Eskimo Folk-Tales, by Knud Rasmussen, , at sacred-texts.com
THERE came a sledge driving round to the east of Etah, up into the land, near the great lake. Suddenly the dogs scented something, and dashed off inland over a great plain. Then they checked, and sniffed at the ground. And now it was revealed that they were at the entrance to an inland-dweller's house.
The inland-dwellers screamed aloud with fear when they saw the dogs, and thrust out an old woman, but hurried in themselves to hide. The old woman died of fright when she saw the dogs.
Now the man went in, very ill at ease because he had caused the death of the old woman.
"It is a sad thing," he said, "that I should have caused you to lose that old one."
"It is nothing," answered the inland-dwellers; "her skin was already wrinkled; it does not matter at all."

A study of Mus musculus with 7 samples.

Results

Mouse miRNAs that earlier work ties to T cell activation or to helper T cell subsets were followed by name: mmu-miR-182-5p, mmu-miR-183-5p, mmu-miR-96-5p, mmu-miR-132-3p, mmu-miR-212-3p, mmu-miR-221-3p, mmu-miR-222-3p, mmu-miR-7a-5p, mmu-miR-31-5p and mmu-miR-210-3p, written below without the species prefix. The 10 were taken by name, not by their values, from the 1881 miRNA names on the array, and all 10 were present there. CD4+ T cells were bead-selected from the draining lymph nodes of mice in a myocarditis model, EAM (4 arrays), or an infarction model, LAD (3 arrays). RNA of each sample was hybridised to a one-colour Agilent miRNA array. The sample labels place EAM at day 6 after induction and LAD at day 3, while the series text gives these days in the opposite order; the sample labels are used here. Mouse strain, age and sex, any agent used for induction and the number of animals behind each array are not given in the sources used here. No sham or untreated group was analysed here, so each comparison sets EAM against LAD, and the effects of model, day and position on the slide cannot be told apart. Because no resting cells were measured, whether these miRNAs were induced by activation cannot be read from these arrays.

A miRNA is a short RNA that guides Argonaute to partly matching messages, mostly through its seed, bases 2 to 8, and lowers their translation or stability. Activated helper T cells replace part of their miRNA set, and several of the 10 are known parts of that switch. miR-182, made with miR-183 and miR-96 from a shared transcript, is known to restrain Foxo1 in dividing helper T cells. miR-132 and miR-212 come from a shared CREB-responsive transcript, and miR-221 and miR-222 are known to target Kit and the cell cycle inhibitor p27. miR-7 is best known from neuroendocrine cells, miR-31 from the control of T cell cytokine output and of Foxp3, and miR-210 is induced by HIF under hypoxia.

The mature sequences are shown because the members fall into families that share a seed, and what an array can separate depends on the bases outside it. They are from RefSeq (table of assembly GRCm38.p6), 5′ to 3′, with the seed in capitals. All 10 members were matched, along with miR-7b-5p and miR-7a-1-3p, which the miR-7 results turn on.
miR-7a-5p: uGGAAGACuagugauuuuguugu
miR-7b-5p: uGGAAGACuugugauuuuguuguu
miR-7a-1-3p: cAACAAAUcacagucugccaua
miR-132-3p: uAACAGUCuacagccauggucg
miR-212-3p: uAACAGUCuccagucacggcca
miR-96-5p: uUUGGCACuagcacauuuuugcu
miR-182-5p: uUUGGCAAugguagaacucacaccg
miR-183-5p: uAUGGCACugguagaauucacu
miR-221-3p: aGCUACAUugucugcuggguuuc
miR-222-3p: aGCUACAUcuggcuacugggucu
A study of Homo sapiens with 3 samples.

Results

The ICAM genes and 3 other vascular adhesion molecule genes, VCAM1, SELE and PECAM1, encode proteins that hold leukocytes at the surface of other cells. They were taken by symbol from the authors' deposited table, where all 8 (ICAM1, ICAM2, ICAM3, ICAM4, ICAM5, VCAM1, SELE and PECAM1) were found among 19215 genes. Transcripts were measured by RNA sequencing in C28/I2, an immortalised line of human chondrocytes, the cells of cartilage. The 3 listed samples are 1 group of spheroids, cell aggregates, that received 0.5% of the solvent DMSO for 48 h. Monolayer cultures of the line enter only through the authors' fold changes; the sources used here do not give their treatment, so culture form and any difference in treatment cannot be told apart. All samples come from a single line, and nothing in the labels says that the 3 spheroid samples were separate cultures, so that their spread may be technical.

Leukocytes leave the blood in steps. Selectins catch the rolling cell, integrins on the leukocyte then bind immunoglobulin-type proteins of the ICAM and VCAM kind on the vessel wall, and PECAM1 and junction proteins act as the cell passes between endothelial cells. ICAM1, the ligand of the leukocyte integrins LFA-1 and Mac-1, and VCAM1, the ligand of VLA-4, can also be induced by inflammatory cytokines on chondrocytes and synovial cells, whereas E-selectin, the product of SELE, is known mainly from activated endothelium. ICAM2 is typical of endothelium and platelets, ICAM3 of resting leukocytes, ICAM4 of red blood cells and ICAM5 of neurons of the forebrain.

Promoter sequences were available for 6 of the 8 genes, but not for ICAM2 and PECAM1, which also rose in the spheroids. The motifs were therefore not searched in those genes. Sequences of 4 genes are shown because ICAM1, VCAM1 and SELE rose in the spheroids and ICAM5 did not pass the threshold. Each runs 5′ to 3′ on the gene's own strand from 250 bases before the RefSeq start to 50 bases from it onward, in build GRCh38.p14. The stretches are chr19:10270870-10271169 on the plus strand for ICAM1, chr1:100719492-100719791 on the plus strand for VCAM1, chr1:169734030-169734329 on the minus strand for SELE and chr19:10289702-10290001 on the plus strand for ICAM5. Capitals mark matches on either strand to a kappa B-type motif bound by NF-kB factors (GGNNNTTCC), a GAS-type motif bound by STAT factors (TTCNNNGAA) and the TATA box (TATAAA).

Then the sledges drove home again, but the inland-dwellers were so terrified that they fled far up into the country.
Since then they have never been seen. The remains of their houses were all that could be found, and when men dug to see if anything else might be there, they found nothing but a single narwhal tusk.
The inland-dwellers are not really dangerous, they are only shy, and very greatly afraid of dogs. There was a woman of the coast-folk, Suagaq, who took a husband from among the inland folk, and when that husband came to visit her brothers, the blood sprang from his eyes at sight of their dogs.
And they train themselves to become swift runners, that they may catch foxes. When an inland-dweller is to become a swift runner, they stuff him into the skin of a ribbon seal, which is filled with worms, leaving only his head free. Then the worms suck all his blood, and this, they say, makes him very light on his feet. There are still some inland-dwellers left, but they are now gone very far up inland.